Does photosynthetic acclimation to elevated CO2 increase photosynthetic nitrogen-use efficiency? A study of three native UK grassland species in open-top chambers

Authors

  • P. A. Davey,

    1. Departments of Crop Sciences and Plant Biology, University of Illinois, 190 Edward R. Madigan Laboratory, 1201 West Gregory Drive, Urbana, IL-61801, USA and,

    1. North Wyke Research Station, Institute for Grassland and Environmental Research, North Wyke, Okehampton, Devon EX20 2SB, UK

    1. North Wyke Research Station, Institute for Grassland and Environmental Research, North Wyke, Okehampton, Devon EX20 2SB, UK

    1. North Wyke Research Station, Institute for Grassland and Environmental Research, North Wyke, Okehampton, Devon EX20 2SB, UK

    1. Departments of Crop Sciences and Plant Biology, University of Illinois, 190 Edward R. Madigan Laboratory, 1201 West Gregory Drive, Urbana, IL-61801, USA and,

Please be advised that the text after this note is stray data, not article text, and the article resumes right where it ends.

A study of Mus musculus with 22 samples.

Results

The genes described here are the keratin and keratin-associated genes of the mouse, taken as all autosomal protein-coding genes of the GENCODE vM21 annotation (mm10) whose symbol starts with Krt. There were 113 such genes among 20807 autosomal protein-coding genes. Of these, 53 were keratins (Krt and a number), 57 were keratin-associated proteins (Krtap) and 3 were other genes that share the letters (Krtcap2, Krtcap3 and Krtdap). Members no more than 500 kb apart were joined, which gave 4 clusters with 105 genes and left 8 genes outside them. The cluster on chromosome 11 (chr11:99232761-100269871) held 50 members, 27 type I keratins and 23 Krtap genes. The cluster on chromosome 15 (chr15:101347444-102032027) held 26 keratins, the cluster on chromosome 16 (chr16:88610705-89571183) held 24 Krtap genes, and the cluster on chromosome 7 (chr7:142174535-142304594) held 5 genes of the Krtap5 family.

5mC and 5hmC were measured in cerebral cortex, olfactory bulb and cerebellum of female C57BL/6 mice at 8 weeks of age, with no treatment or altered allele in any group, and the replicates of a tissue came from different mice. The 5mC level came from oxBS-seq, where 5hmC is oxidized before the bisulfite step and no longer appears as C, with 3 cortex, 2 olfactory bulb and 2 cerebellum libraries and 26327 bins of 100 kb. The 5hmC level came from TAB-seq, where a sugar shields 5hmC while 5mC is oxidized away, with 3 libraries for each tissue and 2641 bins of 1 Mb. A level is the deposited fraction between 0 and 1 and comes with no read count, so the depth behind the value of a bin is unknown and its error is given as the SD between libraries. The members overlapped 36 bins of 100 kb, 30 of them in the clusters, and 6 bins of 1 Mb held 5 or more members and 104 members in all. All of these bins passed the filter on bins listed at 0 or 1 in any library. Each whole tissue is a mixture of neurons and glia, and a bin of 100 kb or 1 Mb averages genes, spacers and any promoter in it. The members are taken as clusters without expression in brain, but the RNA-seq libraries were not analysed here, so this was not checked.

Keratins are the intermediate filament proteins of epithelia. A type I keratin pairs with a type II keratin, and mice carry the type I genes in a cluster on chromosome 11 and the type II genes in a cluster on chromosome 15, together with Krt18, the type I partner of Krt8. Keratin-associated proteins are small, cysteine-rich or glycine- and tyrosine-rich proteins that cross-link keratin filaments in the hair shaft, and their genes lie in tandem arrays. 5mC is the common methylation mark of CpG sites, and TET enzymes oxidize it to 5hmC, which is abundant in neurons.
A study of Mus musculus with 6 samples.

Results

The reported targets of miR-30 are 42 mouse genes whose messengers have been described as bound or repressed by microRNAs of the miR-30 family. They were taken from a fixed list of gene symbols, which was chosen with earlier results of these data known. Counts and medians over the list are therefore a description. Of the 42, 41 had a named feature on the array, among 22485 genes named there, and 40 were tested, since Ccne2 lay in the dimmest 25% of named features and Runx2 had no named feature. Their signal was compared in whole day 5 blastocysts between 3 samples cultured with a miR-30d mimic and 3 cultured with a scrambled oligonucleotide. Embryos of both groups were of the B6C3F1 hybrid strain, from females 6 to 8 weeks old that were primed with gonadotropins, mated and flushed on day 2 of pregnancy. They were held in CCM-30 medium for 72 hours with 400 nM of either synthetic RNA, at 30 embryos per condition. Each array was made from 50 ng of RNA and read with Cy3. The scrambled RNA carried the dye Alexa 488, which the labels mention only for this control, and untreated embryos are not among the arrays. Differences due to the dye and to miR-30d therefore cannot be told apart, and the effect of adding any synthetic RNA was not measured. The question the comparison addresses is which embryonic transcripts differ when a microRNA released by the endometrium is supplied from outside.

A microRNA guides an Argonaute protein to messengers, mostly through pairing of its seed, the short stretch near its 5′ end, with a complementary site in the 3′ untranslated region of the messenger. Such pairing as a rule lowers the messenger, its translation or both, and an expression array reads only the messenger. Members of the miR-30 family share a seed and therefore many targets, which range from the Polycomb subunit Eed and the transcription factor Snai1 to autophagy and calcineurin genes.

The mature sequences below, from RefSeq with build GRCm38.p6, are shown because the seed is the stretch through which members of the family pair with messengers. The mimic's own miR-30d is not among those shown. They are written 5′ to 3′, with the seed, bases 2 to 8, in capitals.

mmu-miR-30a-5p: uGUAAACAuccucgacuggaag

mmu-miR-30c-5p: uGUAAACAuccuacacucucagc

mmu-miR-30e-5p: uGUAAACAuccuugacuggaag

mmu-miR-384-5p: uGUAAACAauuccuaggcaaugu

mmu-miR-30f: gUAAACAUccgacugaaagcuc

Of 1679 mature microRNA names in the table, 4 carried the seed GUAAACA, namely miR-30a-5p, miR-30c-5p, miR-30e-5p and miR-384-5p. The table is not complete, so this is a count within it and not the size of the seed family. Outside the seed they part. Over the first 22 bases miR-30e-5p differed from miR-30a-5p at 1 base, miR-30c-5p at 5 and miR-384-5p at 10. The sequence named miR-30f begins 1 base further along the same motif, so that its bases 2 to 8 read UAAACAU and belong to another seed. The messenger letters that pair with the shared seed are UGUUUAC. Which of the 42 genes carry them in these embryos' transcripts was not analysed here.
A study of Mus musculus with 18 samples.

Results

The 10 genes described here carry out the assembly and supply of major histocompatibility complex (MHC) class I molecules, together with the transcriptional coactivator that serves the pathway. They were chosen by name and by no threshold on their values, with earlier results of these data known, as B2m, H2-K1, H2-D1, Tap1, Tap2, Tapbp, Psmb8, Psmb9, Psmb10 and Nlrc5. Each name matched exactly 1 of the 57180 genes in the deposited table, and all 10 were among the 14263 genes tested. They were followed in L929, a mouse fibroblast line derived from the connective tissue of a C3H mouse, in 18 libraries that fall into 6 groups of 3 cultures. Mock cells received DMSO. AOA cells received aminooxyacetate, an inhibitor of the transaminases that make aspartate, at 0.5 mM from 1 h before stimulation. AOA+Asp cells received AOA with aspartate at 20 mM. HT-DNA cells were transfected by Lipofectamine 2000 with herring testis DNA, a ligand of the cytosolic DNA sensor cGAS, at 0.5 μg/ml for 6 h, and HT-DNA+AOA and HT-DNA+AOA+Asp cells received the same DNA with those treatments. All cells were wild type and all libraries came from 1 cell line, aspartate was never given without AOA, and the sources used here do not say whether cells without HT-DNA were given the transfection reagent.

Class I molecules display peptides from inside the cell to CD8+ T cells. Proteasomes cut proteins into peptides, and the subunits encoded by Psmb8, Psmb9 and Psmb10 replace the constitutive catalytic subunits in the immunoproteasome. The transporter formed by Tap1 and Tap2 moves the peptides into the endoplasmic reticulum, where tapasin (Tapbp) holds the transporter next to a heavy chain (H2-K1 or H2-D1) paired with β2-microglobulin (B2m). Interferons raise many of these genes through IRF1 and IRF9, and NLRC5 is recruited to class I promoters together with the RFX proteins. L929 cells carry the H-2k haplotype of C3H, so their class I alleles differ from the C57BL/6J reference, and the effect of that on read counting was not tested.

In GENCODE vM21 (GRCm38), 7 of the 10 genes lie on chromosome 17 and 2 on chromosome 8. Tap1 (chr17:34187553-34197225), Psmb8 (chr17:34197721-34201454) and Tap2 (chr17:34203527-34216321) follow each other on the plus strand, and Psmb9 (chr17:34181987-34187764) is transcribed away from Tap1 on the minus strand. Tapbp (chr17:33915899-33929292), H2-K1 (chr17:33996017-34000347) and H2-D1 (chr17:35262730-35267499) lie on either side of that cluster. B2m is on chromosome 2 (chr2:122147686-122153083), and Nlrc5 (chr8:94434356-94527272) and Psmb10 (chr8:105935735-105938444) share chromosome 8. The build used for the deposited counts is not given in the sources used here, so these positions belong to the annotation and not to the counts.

1. The photosynthetic response to elevated CO2 and nutrient stress was investigated in Agrostis capillaris, Lolium perenne and Trifolium repens grown in an open-top chamber facility for 2 years under two nutrient regimes. Acclimation was evaluated by measuring the response of light-saturated photosynthesis to changes in the substomatal CO2 concentration.

2. Growth at elevated CO2 resulted in reductions in apparent Rubisco activity in vivo in all three species, which were associated with reductions of total leaf nitrogen content on a unit area basis for A. capillaris and L. perenne. Despite this acclimation, photosynthesis was significantly higher at elevated CO2 for T. repens and A. capillaris, the latter exhibiting the greatest increase of carbon uptake at the lowest nutrient supply.

3. The photosynthetic nitrogen-use efficiency (the rate of carbon assimilation per unit leaf nitrogen) increased at elevated CO2, not purely owing to higher values of photosynthesis at elevated CO2, but also as a result of lower leaf nitrogen contents.

4. Contrary to most previous studies, this investigation indicates that elevated CO2 can stimulate photosynthesis under a severely limited nutrient supply. Changes in photosynthetic nitrogen-use efficiency may be a critical determinant of competition within low nutrient ecosystems and low input agricultural systems.